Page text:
Reports: Being All Things to All People

Posted by Michele Morrill

Oct 30, 2015 1:51:28 PM


A strong model or design will support the creation of reports that can be used for a myriad of functions.  In addition to meeting the functional requirements and scope of a project, a strong design will support the level of detail required by the users.  Whether this is delivered through a “few-click” solution to find answers, or through an all-encompassing system with information immediately ready, sufficient detail will enable the users to find their answers more quickly and minimize the time required to get to that point.  A strong design will also contain the dimensionality sufficient for the required analysis.  This may come through as a more detailed level than the chart of accounts – or it may require additional analytical points that are outside the standard financial reporting terms that are usually seen in a typical budgeting and forecasting system.

Once the optimal design of your finance solution is architected, there are still more efficiencies to be gained when making finance reports to be all things to all people.  One option to be considered is not reports at all, but dashboards or metrics delivered through stoplights, gauges or other visual analysis tools.  This option automatically focuses the users on the important points that matter, rather than on the noise of “on track” data that doesn’t need attention.  Exception reporting or trigger notifications can be used with dashboards to further filter the focus points for the user.  The visualizations can be stunning or simple as long as they are effective.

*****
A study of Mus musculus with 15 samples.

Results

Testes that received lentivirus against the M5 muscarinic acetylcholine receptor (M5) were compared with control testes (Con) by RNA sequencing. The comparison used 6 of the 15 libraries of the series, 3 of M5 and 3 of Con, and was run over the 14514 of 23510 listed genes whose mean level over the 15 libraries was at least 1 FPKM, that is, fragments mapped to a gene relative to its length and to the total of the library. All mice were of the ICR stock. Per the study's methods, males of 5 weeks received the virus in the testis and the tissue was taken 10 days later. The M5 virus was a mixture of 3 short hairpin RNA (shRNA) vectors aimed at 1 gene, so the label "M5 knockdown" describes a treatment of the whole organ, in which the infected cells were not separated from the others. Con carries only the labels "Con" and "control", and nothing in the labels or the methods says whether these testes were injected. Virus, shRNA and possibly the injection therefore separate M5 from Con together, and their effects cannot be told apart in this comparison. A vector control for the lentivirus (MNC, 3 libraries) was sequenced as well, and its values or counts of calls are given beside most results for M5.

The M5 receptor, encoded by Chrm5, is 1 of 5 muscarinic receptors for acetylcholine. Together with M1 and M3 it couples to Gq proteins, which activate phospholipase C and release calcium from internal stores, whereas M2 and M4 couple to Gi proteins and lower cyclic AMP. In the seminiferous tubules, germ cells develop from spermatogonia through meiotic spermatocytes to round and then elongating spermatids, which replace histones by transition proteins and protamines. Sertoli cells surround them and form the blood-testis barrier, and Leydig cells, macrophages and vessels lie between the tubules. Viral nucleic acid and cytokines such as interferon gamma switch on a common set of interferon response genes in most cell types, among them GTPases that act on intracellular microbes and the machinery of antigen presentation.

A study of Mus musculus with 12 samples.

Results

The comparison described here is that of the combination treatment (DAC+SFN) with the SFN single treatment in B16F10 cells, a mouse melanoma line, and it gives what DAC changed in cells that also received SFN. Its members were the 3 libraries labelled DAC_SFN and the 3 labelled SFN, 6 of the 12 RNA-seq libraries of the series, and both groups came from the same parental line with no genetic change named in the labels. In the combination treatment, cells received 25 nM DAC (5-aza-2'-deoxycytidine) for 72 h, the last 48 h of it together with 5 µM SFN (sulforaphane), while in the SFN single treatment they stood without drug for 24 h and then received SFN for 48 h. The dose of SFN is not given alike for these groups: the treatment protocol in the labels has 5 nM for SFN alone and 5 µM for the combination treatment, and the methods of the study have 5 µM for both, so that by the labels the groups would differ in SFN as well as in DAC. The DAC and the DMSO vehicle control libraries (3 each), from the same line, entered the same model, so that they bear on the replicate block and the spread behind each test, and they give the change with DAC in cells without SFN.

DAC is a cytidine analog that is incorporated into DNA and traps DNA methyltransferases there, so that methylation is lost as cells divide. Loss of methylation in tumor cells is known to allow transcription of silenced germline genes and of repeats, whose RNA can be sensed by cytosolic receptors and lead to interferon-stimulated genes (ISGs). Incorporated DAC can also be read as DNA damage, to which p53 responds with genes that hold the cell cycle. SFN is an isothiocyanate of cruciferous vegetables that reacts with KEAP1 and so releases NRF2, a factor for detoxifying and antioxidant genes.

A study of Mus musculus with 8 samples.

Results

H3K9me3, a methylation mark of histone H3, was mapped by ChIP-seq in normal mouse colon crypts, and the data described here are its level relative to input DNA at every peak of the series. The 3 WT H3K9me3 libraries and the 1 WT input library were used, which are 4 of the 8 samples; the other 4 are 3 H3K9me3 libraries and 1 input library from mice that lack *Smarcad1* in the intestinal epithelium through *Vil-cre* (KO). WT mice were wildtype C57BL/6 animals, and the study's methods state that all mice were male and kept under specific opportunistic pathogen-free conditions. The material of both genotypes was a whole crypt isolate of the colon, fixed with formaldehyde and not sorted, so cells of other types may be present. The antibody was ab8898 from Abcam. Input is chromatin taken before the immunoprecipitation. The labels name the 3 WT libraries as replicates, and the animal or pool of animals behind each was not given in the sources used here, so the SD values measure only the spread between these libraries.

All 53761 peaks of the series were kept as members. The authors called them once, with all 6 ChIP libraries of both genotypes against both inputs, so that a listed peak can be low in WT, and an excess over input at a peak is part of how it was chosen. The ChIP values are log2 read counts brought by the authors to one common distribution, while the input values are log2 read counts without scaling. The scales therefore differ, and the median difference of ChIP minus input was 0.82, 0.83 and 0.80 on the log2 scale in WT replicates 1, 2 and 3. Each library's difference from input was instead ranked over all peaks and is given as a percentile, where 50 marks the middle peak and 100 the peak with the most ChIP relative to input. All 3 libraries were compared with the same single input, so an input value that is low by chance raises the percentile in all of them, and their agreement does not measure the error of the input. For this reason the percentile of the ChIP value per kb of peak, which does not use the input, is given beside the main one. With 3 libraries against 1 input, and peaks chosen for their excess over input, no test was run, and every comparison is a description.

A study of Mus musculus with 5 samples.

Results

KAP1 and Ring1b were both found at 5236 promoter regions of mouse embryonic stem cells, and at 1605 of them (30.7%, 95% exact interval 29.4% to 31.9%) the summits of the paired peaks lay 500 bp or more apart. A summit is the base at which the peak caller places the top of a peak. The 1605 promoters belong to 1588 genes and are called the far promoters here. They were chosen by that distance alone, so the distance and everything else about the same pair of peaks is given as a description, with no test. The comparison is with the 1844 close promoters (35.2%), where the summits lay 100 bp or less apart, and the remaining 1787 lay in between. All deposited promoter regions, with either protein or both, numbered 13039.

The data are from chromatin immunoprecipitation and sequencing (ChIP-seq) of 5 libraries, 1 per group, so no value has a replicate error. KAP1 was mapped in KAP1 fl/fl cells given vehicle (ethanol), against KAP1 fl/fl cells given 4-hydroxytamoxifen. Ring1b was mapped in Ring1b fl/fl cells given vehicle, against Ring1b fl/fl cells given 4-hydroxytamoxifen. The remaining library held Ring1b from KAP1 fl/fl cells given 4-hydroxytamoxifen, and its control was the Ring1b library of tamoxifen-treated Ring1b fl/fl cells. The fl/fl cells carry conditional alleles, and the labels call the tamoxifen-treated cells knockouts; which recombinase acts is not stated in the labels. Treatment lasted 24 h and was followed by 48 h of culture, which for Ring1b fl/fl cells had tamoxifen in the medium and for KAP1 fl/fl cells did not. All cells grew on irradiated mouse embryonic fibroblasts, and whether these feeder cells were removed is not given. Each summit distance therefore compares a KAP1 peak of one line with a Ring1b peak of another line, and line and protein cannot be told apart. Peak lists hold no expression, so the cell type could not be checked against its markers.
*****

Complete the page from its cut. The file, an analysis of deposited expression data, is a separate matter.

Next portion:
At the level of the reports themselves there is also work to be done.  We’ve all seen multi-page reports, where each user will focus on only a few lines of data.  By now many users have moved away from paper printing, but that isn’t too far in the past in some organizations.  So for reports, we can take one of two approaches - either a full data approach or a partial data approach. 

The full data approach typically proceeds by displaying all of the data and using macros or other tools to draw the users’ attention to important items.  While this report is sometimes time consuming to generate, it has the advantage of containing secondary information that the user may need.  This minimizes additional required steps after the data is displayed.


While no one report design will work to be all things to all people, there are various approaches that can be taken.  When trying to balance canned vs. customized reports, the ideal answer is “both”.

Strafford has broad knowledge and experience across many applications, technologies and cloud infrastructure environments – with an overall goal of improving the practice of data gathering, reporting and business processes within Finance and Operations. Our expert team of finance-focused technology leaders, infrastructure consultants, financial systems consultants and project managers are ready to help you.